Care, Equine Therapy in Argentina by Rosemary Rees Jones
Walking through the door of the house that was to be home for the next four months was the moment when I truly realised I was in Argentina. I didn’t speak any Spanish and my host family didn’t speak any English and yet I was made to feel so welcome. To set the tone for the rest of my time in Argentina I was instantly presented with an array of Argentine favourite foods; milanesa, cake and the maté. Maté must come with a warning: addictive!
My host family in Argentina
I still think of my host family as exactly that; my family. My host mum, ĺnes, unbelievably was 73 (although she never exactly told me this). She had brilliant red hair and was never out of a pair of skinnies. I am certain that she still goes to the gym everyday and tangos until the early hours every Saturday night. Her husband, Carlos, is one of the coolest men I’ve ever met. Not only did he have the glasses, but I distinctly remember him serving up the best asado (meat feast), whilst casually dropping one liners.
My equine therapy placement
After a quick introduction to Cordoba and Cordobean life it was time to get to work. The stables were situated in a little oasis just outside of town. My first placement came under the heading Equine Therapy. I’ve been describing this to my friends as a similar idea to swimming with dolphins but with horses. No I do not mean the horses are swimming. Equine therapy is where children and adults with special needs or disabilities have the opportunity to ride horses through our help. It has been proven to significantly improve their emotional, mental and physical welfare. In order to achieve this we talked, sang, played games and occasionally rode horses with them.
When there were no classes we did light stable work and groomed the horses. Many, including the most stubborn (Milton), ended up with makeovers. The owner: Vera cannot be described with words. She is the most energetic person I have ever met. Her persona is so unbelievably welcoming and upbeat and yet patient and understanding as well. Each afternoon in between classes she would disappear only to re-appear with a tray of licuados (milkshake/smoothie) and cookies. I should mention now that it is not possible to go hungry in Argentina.
My care placement
My second placement was a kind of a youth centre called El Naranjo in a small town towards the Sierras Chicas. I worked with people of all ages who all had varying disabilities and traumas, but primarily they were all “che”s (cool). It was these people who made me extend my time in Argentina by a month and who make me want to return as soon as possible. On Mondays and Fridays it was muger; a type of street dancing. Each time we would go to the nearest plaza to show off the big drums and dancing. At first I wasn’t sure what to do. I guess I was there to supervise and explain, which I did throughout. But after a day or 2 I realised that all they wanted was to have a laugh.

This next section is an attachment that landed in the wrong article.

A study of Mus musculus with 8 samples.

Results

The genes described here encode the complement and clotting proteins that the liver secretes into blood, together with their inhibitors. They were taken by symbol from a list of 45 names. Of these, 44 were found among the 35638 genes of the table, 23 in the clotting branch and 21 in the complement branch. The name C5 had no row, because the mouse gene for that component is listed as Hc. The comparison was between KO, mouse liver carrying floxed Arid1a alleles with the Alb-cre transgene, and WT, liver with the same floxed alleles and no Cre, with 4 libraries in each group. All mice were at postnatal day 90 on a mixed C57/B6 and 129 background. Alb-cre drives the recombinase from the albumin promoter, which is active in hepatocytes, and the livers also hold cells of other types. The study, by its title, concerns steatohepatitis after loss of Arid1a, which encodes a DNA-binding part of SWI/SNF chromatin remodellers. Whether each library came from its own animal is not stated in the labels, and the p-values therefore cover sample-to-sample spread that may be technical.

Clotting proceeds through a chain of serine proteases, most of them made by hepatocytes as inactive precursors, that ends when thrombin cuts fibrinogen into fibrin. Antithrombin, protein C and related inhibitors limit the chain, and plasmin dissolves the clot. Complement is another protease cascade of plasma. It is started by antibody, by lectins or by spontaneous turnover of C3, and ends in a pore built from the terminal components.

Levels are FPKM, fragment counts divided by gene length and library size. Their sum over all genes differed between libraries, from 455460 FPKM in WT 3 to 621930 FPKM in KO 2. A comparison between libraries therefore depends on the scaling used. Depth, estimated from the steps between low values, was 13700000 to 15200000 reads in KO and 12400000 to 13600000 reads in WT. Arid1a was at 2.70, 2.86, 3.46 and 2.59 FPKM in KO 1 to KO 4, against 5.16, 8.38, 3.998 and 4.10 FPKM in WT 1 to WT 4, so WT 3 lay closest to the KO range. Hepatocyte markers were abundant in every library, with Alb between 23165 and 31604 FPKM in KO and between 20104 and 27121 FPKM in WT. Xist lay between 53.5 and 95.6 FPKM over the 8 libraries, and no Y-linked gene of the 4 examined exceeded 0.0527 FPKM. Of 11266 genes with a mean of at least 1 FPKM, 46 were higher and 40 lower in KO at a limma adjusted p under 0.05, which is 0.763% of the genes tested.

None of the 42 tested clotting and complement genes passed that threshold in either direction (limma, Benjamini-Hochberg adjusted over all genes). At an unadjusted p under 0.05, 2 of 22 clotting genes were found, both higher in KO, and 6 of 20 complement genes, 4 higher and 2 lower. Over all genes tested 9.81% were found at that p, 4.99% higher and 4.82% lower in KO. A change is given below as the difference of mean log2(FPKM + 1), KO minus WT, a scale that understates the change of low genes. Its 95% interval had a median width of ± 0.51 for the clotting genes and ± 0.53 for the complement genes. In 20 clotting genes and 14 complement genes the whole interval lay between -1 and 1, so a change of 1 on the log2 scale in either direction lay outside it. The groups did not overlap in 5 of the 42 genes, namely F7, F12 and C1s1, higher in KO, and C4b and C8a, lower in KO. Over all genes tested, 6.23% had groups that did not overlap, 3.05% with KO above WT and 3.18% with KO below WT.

Once I relaxed and simply joined in, I became their friend, which wasn’t hard due to their extraordinary generous nature. On Tuesdays, Wednesdays, and Thursdays, this youth centre was transformed into an industrious kitchen producing treats such as, alfajores (sweet biscuits which, trust me, you will get to know well!) and then later selling these at the local clinics or on the street. I am proud to say that we did fairly well and on most days broke even, if not making a profit (all of which went back into funding El Naranjo).
My free time in Argentina
But life’s not all work, and in the evenings there were the infamous socials; an opportunity to explore Cordobean culture and to meet the other volunteers. These included music festivals, football, tango classes, paintballing, building schools, day trips to local parks, horse riding, BBQ’s to mention but a few. These are some of the fondest memories I have and where I met some of my now closest friends.
We often headed to find a little night life and get our reggaeton fix (a latin translation of hiphop). The best club I went to was a rave on the Villa Allende golf course which in true Argentinean style didn’t finish till 6:30 in the morning. Also there were a number of salsa/jazz clubs on the other side of the river of which I became a bit of a regular. For a touch of culture Cordoba is one of the prettiest and oldest cities in Argentina - no guide book can do it justice.
There are numerous museums, plazas & parks, activities, fairs, festivals which would happily fill a month in themselves. At the weekends there was the opportunity to travel. I was one of the people who travelled least and yet I managed to visit every town in Córdoba Province (La Cumbre comes highly recommended), Mendoza, Buenos Aires and Uruguay.
Having been there, done that and got the official Projects Abroad T-shirt, I can honestly say that my Argentinean experience was one that I would never give up. I have gained so much. Not only did I gain a language, cultural knowledge, and broader perspectives but I also have a global network of friends.
Top tips for other volunteers
If I had to give top tips they would be: (1) Eat the food – it’s good! (2) Do as much as possible all the time - life is for living after all. (3) Make friends with the locals; they’re so friendly and open .The most interesting conversations I had with people were with locals over their opinions on culture, politics and history. They also happen to know how to have the best night out. (4) Use the Projects Abroad team, (they’re more like friends anyway) they’re always there; they helped me settle in and continued to provide a massive safety net throughout.